The billion-dollar battle royale franchise is having problems that tie back to previous games from Respawn
Respawn Entertainment’s battle royale shooter Apex Legends has proven to be a hit, with over 100 million unique players, and counted over 300,000 people playing on Steam at one time in May. But an issue bubbling over from its earlier Titanfall games is now having an impact on Apex, as reports across social media show players running into messages from people hacking the game with a “Save Titanfall” message.
Respawn acknowledged the issues on Twitter, saying “We are aware of and actively investigating issues impacting @PlayApex playlists that are preventing players from getting into matches.” In a follow-up tweet at 7PM, the developer said these attacks don’t put the personal information of players at risk, and that the team is testing a fix. As of 10:15PM, the developer appeared confident that problems for Apex Legends are resolved
We’re testing a fix now and will update when we have more confidence. Additional updates may be required.
In the meantime, we’ve determined that this attack—while disruptive—has not put players’ personal information or accounts at risk. More updates to come as we make progress.
We’ve confirmed that matchmaking has been restored. We’re keeping an eye on things but believe the issue to be resolved.
Thanks for your patience, Legends.
The issue went on for hours, and when players were affected, they couldn’t queue for new games. All of this happened at the same time that Apex is hosting a special event drawing players back to the original versions of its first two maps (including divisive areas like Skulltown, pictured above). As PC Gamer and Kotaku report, the messages have been appearing for players on PC, Xbox One and PS4. I joined a game on PC and when the match was over, I was greeted with the following message pointing to a “Save Titanfall” website. After Respawn indicated the problems were over, I managed to play a few matches without any odd messages or matchmaking problems beyond the usual ones, like not getting paired with enough/any teammates.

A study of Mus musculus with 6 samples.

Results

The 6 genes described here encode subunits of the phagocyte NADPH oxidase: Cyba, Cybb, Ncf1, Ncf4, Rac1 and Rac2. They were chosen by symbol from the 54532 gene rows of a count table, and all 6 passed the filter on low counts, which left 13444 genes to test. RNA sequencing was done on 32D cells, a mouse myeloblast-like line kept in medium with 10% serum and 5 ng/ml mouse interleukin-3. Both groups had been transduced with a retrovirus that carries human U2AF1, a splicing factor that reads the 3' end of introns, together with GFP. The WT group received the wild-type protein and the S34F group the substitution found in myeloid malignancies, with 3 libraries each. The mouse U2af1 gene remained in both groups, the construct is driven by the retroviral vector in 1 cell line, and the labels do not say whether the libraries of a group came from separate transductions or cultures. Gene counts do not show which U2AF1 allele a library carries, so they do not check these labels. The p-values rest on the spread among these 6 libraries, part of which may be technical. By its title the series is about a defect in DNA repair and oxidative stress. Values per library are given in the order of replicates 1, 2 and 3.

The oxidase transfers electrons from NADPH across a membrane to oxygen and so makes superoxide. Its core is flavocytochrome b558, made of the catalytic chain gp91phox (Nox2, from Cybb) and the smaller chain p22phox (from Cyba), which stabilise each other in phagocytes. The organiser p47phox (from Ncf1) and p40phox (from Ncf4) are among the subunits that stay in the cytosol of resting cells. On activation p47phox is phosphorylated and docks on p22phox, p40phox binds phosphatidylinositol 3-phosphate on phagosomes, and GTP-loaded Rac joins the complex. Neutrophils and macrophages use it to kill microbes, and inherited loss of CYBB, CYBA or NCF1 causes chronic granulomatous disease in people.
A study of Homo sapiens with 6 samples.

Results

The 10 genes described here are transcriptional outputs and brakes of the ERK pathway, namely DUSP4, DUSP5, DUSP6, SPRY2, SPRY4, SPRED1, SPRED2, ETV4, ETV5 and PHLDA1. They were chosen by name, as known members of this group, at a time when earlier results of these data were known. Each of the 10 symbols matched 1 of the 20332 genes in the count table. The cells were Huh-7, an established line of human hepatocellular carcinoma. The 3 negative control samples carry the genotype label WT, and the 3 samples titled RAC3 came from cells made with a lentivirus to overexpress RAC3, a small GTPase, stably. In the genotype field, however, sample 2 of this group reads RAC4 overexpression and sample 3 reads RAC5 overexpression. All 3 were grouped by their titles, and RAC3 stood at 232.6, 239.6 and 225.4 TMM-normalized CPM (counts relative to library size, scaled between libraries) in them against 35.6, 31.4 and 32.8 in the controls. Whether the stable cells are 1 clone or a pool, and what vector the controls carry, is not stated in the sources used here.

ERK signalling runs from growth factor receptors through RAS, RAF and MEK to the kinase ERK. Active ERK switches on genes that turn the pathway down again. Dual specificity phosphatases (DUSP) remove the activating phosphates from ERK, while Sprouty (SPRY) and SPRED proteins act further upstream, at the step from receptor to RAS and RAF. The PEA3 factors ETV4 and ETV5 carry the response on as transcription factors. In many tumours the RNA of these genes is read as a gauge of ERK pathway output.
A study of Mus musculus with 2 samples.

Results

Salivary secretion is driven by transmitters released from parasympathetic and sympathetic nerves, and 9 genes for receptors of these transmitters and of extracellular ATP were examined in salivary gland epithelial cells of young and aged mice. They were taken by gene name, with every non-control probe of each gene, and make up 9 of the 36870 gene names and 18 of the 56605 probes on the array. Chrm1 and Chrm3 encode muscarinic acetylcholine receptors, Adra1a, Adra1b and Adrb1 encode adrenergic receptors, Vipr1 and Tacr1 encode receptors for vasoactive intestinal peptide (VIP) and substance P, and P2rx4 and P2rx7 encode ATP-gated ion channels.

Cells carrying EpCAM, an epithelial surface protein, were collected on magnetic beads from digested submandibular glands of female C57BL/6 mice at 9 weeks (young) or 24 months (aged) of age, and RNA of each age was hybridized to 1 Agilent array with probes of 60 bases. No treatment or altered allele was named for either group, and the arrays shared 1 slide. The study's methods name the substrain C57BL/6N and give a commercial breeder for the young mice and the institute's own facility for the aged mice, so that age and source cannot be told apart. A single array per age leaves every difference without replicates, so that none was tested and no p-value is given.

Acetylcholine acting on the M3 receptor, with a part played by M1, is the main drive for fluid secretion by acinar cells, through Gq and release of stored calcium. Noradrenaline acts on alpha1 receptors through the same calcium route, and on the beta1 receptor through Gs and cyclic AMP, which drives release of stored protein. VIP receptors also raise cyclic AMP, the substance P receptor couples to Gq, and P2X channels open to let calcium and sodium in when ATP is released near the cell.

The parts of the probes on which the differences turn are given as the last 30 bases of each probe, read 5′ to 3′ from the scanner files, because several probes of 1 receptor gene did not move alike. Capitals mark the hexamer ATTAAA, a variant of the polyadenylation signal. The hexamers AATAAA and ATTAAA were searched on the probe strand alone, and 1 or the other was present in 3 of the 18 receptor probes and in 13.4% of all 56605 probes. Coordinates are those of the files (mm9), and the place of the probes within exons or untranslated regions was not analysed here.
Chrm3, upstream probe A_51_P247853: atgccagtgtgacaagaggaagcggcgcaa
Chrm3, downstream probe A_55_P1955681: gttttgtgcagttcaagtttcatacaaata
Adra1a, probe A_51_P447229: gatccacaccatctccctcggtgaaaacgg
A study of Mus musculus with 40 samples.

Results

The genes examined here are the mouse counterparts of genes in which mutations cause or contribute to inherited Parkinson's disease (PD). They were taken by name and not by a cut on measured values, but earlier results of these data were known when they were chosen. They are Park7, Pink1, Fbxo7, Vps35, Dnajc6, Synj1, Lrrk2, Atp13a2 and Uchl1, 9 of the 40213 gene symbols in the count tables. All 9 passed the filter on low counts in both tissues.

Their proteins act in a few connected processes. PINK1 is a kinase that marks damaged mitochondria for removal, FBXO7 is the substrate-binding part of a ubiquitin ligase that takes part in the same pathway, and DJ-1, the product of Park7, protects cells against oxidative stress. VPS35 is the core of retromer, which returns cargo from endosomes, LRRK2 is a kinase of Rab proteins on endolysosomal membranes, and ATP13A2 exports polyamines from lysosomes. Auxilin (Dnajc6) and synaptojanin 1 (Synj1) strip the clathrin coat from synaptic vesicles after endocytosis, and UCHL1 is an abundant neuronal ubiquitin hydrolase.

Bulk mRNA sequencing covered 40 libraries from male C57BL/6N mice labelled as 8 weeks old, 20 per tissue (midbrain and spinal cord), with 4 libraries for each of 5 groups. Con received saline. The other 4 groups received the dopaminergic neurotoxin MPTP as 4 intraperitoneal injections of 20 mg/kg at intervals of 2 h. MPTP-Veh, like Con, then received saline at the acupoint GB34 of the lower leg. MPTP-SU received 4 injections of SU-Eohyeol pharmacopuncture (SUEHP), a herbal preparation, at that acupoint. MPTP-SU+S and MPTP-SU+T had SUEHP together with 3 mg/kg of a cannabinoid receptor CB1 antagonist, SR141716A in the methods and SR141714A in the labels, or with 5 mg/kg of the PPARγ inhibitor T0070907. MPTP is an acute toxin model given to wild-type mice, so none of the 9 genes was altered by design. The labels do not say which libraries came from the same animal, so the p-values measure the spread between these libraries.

It appears that whoever is behind this attack is doing it because of similar issues that have affected the Titanfall games going back years. A problem attributed to a single person kicked players out of Titanfall 1 sessions on PC and inundated them with racist messages, making the multiplayer-only title largely unplayable, in an issue dating back to 2019.
In recent months Respawn has tweeted that “help is coming ASAP” and “the team is investigating” problems like DDOS attacks on the Titanfall series, but the issues continue. With hacking becoming a game-stopping problem for a franchise that EA is counting on to provide over $750 million in net bookings during its 2022 financial year, solutions can’t wait much longer.
Apex Legends is one of the most successful games in the market today. We now have more than 100 million unique players in the game on console and PC, with player engagement growing globally at incredible levels throughout the last year — and we are forecasting continued growth…We are forecasting close to 20% year-over-year growth to $750 million in net bookings for Apex Legends in FY22, with significant potential for upside this year and beyond as we launch the mobile game. — Andrew Wilson, EA CEO (PDF)
Players affected by the hack are unable to queue for any other game mode.
The website accuses EA of “fraud” for selling Titanfall while it’s “unplayable.”
(Clip via @YungLucianOG) pic.twitter.com/4MqZi2UBh9
Update July 4th, 7:38PM ET: Added 7PM update from Respawn.
Update July 4th, 10:38PM ET: Added note from Respawn that the issues appear to be resolved.